People smoking a joint in France face a maximum penalty of a year behind bars and a €3,750 fine for the first offence, yet 13.4 million French people admit to sparking up at least once in their life. Even France’s top cop, Interior Minister Manuel Vallls, said in a recent interview, he’d tried it “maybe once.”
The numbers go up as you look at the younger portion of the population. France had the unhappy distinction of being the European “champion” of teen pot smokers in 2011 when 24 percent of its 16-year-old kids admitted to smoking at least once a month, daily Le Monde reported.
Not surprisingly legalizing cannabis has come up regularly in France, but the discussion never has never gotten far. In fact, it was only this month that authorities announced medical cannabis spray Sativex had been authorized for sale in France, though only by prescription and solely to multiple sclerosis patients.
It stands in marked contrast to France's more liberal neighbour to the north, the Netherlands, which decriminalized personal use of pot nearly 40 years ago. American states Colorado and Washington went a step further when their voters fully legalized personal possession and use of marijuana in 2013.
Is it France’s turn next? French Senator Esther Benbassa, a green party member who represents an area on the south east border of Paris, believes it’s time to change. She also claims the legalization law she proposed on Tuesday is the first of its kind in France.
Her law would allow government-run retail stores to sell marijuana to adults for recreational use, though the full details won’t be available until the law is unveiled to the press on February 6th. Benbassa told The Local why she is pushing for legalization.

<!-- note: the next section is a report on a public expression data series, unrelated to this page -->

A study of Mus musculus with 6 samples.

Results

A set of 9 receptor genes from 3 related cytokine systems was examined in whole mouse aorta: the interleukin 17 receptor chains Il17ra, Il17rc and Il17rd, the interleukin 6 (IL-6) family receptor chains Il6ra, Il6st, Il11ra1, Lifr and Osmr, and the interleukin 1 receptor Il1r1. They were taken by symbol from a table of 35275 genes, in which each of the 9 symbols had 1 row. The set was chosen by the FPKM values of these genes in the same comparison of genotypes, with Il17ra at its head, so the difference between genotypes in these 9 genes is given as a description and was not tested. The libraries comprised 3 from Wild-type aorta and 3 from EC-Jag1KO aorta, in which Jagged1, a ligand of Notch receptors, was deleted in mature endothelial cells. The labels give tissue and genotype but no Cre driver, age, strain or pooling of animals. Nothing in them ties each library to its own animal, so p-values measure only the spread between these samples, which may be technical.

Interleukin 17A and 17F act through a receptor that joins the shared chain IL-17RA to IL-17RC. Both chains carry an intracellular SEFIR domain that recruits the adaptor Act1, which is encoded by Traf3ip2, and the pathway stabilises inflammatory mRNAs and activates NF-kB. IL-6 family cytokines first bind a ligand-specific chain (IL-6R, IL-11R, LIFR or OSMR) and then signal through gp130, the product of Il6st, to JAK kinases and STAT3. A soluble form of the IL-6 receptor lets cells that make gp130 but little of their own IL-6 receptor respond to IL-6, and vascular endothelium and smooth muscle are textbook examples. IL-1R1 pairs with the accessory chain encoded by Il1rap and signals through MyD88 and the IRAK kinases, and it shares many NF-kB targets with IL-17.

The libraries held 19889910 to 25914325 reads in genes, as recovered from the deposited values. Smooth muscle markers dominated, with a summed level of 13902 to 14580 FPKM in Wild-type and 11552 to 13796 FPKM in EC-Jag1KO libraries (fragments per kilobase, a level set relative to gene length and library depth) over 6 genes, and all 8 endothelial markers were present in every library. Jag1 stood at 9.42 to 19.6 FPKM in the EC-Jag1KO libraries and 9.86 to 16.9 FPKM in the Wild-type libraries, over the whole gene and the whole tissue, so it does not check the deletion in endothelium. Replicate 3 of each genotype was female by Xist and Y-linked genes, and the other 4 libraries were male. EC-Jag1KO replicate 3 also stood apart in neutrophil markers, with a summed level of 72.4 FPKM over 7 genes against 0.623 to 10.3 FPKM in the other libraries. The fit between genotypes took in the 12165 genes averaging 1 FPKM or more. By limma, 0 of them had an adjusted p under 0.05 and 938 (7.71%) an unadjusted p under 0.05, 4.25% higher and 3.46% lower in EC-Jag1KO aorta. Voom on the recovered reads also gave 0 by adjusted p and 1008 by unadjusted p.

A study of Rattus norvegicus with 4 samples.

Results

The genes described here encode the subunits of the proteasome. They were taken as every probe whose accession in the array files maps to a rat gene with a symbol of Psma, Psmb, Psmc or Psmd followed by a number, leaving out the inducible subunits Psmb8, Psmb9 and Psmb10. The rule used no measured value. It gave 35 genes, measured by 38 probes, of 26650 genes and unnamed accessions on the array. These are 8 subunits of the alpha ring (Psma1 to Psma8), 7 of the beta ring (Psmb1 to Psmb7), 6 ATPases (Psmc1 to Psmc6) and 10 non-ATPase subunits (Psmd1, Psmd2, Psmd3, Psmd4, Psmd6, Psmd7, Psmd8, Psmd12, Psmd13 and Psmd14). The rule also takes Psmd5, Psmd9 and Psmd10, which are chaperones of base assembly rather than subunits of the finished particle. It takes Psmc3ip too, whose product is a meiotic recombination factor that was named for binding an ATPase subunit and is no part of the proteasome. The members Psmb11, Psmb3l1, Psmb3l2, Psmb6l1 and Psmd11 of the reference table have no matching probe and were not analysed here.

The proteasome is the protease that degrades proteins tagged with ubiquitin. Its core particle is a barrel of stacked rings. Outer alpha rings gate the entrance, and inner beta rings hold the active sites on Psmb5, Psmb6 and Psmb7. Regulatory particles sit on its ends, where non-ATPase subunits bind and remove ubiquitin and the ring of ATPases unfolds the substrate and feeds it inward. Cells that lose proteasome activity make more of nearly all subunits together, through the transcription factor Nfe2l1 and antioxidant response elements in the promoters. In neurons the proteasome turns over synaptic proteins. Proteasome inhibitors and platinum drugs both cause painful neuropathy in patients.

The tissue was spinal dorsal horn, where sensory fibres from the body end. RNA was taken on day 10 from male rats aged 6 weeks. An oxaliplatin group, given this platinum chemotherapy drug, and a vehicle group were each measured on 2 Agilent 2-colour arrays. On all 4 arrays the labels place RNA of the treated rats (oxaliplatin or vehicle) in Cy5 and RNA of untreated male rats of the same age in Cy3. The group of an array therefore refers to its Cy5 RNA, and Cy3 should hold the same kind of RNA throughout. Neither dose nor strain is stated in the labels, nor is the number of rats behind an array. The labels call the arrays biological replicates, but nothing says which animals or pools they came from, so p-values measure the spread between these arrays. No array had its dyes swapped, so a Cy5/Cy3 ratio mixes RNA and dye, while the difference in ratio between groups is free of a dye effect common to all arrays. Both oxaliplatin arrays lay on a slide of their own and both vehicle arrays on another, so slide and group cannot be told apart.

“It’s a subject that remains taboo in France. We have the impression that if we legalize cannabis, all the children, everyone, is going to start taking it. We are among the countries with the most restrictive laws in Europe, but at the same time the number of cannabis smokers continues to increase. There is really a paradox.
“The fact that we proposed the law now is related to what’s happening in the United States, but we were working on it before. If the law has changed in Washington and Colorado, we felt we had to open the debate now. Prohibition is useless.
“And American President Barack Obama’s statement that marijuana is not any more dangerous than alcohol, that also made us realize it’s time.
“It makes more sense to legalize cannabis in order to better control it. For example, the growing and distribution of cannabis, but why not also check the quality? Why not do more drug abuse prevention? Why not shelter children from drug dealers that sell in front of schools?
“It would help in the fight against the mafia and drug dealers. Why not invest the money that the government would make from legalizing and taxing cannabis into drug abuse prevention?
“We believe that today it is an established fact that people smoke cannabis. So let’s be responsible.
“Compared to the Netherlands, we very far behind. In France we are very repressive when it comes to drugs, but with other things as well. Our politicians make rules based on the question of security.
“I was on a radio show and was asked by professor of medicine if I was going to distribute hash in schools. There are people out there who will try to misguide people and say 'these leftists are trying to destroy France.' They say we want all the kids to smoke cannabis and make society more indulgent. It's not true.
"The United States is conservative as well, but it’s pragmatic. But in France we are conservative without willing to be practical."
As for whether she has ever smoked marijauana, Benbassa asserted the eroding French tradition of keeping quiet about the private lives of public figures.
"That's a private matter and I'm not going to talk about it."